How often have you heard agile enthusiasts say something on the lines of, “Experimentation is favored more than adherence to a rigid plan”?
Scrum has empiricism as one of its founding priciples. Empirical research is based on observed or measured phenomenon and derives knowledge from actual experience rather than theory or belief.
These can be important principles as we introduce modern agile learners to the agile way of doing work. As modern agile learners enter into the workforce, we have at our disposal a number of unique trends that teachers, instructors and agile coaches can consider.
Gaming is second nature
Where do young kids hang out these days? Online, within Minecraft and while playing Roblox. Gaming has become second nature to these young kids. Working with their peers they design virtual worlds, build products and learn how to work in teams. Games help students stay interested, accelerate learning, develop skills, and provide opportunities for deeper learning. How can we leverage these same tools to help teach agile concepts? Many agile instructors have experimented with games to drive engagement in their courses. Agile Games West is an annual conference that brings together instructors, ideas and vendors that support gaming as a serious learning tool. Games are a natural learning environment for today’s agile learners.
Scaling an effective teacher
Significant body of research suggests that the teacher is perhaps the most important actor in education. And if you happen to get a fabulous, effective teacher, your trajectory of learning skyrockets. This outsized impact of teachers on education raises the question of how to scale a really effective teacher. Technology can provide some hope of achieving this. Take the example of Tonal – it’s a smart home gym and a personal trainer. Tonal’s artificial intelligence analyzes every facet of your workout to help you build strength. Multiple sensors track your form and technique in real time and provide instant feedback. In the past you would need a personal trainer to help you with this, but technology has helped scale certain aspects of a personal trainer.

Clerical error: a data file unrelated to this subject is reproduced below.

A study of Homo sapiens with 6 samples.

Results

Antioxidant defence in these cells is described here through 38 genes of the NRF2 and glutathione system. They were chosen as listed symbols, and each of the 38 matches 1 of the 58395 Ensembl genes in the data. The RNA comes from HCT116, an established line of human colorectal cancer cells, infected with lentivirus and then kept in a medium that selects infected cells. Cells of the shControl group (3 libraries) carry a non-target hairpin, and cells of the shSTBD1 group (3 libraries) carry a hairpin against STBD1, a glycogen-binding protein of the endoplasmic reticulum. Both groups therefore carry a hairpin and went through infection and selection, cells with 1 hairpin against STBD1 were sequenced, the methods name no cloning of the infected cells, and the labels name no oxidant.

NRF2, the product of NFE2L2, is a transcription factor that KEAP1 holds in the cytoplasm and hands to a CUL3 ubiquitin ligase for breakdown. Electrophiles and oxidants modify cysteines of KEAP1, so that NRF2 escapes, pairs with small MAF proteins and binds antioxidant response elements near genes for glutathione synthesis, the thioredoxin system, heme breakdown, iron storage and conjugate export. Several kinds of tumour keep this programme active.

Simulations are emerging as an effective tool to capitalize on these opportunities and complement classroom teaching. We have gamified agile learning through our SimAgile product.
SimAgile is one such agile simulation game where the learner role plays a Scrum Master and navigates a virtual agile team to deliver a minimal viable product. The Scrum Master simulation is based on the Scrum framework, where learners are presented with real life challenges and scenarios, and receive immediate feedback based on how they respond to scenarios. It is constantly evolving, incorporating the most effective teaching methods and guidance from effective instructors. Building knowledge into the simulation allows for scaling effective learning methods and strategies.
In this simulation the student plays the role of a Scrum Master who has to deliver a minimal viable product for a company that is undergoing a merger. The product’s goal is to integrate the benefits and human resource systems for both companies. A team of ten agile team members collaborate to work through the product backlog. Similar to a real agile team, the learner has access to a number of artifacts to understand team performance and velocity. Some of the reports include the daily burndown chart, velocity trend and cumulative flow diagram. Experience the agile ceremonies of daily Scrum, sprint planning, sprint review and sprint retrospectives.
For those that have minimal to no exposure to agile teams, the simulation is a safe playground to get a feel for what they are about to experience in the real world.
Learn more about SimAgile or request a demo today!